Yemen is being faced with the world’s largest humanitarian crisis, which has caused millions of civilians to face starvation, including men, women, children and the elderly as well. Over 600,000 people in the country have suffered from cholera and even around 2,000 have died from the disease. Nearly 2 million have been internally displaced and 14.4 million are unable to get safe drinking water or sanitation, according to Oxfam and BBC. It is reported by the UN that more than 60% of Yemenis died because of the air strikes conducted by a Saudi-led multinational coalition associated with the President.
As BBC puts it, the disaster resulted from a war between the groups of people who support President Abdrabbuh Mansour Hadi’s government, and those who are loyal to the Houthi rebel movement. Such conflict began with the unsuccessful political transition from the longtime authoritarian President Ali Abdullah Saleh to Hadi, in the year of 2011, which was expected to bring stability to Yemen. In the following period, Hadi showed certain weaknesses in his governance and continued to struggle with corruption, unemployment, as well as food insecurity. As a result, the Houthi movement took advantage of all these problems and succeeded in controlling part of the Saada province and neighbouring areas as well.
Subsequently, a Saudi-led multinational coalition was formed and intervened in the situation, which gained a great amount of weapons from the United Kingdom. It has been estimated by the children’s charity War Child that, during this time, UK companies dealing with weapons, including BAE Systems and Raytheon, have earned over 8 billion dollars, as well as generated profits of about 775 million dollars.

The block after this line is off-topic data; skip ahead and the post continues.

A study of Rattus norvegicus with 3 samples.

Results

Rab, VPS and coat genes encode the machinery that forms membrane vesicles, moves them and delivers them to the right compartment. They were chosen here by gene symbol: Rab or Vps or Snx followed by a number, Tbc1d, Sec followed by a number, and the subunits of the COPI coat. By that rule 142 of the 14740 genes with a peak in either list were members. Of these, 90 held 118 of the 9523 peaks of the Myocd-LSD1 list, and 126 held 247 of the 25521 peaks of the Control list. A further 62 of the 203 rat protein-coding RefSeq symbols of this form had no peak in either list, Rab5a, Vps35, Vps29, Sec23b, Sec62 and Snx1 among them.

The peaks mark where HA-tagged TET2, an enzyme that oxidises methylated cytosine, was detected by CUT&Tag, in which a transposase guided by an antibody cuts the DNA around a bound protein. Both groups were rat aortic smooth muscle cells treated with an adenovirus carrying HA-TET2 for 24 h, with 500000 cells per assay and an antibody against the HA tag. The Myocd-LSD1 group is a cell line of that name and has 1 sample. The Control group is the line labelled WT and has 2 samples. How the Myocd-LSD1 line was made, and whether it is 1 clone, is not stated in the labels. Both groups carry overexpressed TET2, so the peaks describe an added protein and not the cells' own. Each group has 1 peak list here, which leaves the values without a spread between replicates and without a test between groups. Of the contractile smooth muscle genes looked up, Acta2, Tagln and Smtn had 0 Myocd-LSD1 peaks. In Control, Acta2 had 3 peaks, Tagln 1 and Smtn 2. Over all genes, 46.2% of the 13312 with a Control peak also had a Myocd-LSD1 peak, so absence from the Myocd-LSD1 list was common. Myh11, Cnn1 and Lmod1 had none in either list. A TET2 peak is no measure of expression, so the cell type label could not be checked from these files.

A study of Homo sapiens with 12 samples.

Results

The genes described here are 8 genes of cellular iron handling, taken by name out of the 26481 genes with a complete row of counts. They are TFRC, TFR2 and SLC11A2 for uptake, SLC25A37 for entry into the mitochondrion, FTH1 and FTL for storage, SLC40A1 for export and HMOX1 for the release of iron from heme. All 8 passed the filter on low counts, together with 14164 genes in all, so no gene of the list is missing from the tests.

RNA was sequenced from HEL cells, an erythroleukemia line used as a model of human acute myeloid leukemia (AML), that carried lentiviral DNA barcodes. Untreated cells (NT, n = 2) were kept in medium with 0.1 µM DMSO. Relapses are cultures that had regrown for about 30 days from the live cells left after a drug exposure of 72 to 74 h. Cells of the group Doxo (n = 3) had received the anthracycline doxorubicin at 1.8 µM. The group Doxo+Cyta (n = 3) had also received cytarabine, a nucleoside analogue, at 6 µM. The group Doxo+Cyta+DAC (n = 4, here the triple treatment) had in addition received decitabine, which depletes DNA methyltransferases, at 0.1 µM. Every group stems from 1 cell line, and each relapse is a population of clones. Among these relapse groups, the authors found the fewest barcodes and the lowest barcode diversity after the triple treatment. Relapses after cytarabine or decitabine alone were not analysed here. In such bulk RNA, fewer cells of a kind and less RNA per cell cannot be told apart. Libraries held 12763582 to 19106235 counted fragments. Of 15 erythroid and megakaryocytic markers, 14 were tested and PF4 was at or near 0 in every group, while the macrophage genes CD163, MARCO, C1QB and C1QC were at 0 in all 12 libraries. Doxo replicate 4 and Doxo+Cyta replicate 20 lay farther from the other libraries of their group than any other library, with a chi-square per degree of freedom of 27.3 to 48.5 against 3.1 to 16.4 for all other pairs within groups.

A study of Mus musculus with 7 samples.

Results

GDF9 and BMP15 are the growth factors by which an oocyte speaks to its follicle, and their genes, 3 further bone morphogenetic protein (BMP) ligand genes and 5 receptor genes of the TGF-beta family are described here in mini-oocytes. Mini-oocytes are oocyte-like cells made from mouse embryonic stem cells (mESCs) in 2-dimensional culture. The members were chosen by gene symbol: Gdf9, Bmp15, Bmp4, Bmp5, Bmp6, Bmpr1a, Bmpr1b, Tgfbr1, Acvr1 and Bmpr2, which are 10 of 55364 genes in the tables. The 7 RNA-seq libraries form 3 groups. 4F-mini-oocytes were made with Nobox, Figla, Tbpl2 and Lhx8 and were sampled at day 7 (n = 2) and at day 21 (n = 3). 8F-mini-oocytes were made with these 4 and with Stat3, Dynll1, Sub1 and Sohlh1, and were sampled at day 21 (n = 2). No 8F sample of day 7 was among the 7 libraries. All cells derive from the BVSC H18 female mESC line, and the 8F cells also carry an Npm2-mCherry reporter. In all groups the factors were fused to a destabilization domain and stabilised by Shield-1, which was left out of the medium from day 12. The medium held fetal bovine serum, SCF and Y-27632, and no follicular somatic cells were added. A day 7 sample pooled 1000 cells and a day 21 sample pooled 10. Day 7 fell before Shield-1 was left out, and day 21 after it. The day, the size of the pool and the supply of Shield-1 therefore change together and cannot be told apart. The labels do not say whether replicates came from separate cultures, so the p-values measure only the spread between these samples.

As can be seen, the consequences of the UK weapons firms involved in the Yemen war are totally different from those of the citizens staying in this country. While the latter has been threatened by the crisis and disaster, the former have successfully got access to enormous profits and benefits. The War Child report condemned the arms trade by saying that, the transactions directly counteract “much of the benefits Yemeni children and other civilians might expect to receive from the provision of aid, undermining the Department for International Development’s policy of getting value for money from the aid it commits.”
Even so, such humanitarian concern failed to stop the arms sales when it was raised by the Campaign Against Arms Trade (CAAT) in July. In light with Al Jazeera, the High Court argued that “there had been extensive political and military engagement with Saudi Arabia regarding the conduct of operations in Yemen and the Saudis had sought positively to address concerns about international humanitarian law.” Although it is a single case regarding the humanitarian theme which may be constrained by the domestic law of a certain nation, when it comes to lives and living standards of millions of people, it should be taken into consideration more carefully and more scrupulously.
Concerning the aforementioned, international and non-governmental organizations such as UNICEF and Oxfam call for actual actions in Yemen for life-saving aid to children and families. In addition, the latter also advises UK citizens to demand the end of the deadly arms trading for political, economic and military purposes.
To conclude, the crisis is destructive and devastating. All sides, including the UK government, as well as groups and alliances entering the Yemen war, are supposed to shoulder the responsibility for stopping damage and destruction and take care of the lives and living environment of the Yemenis as well. Furthermore, individuals, such as those from the United Kingdom, should also take measures to ask for peace and progress in the country of Yemen.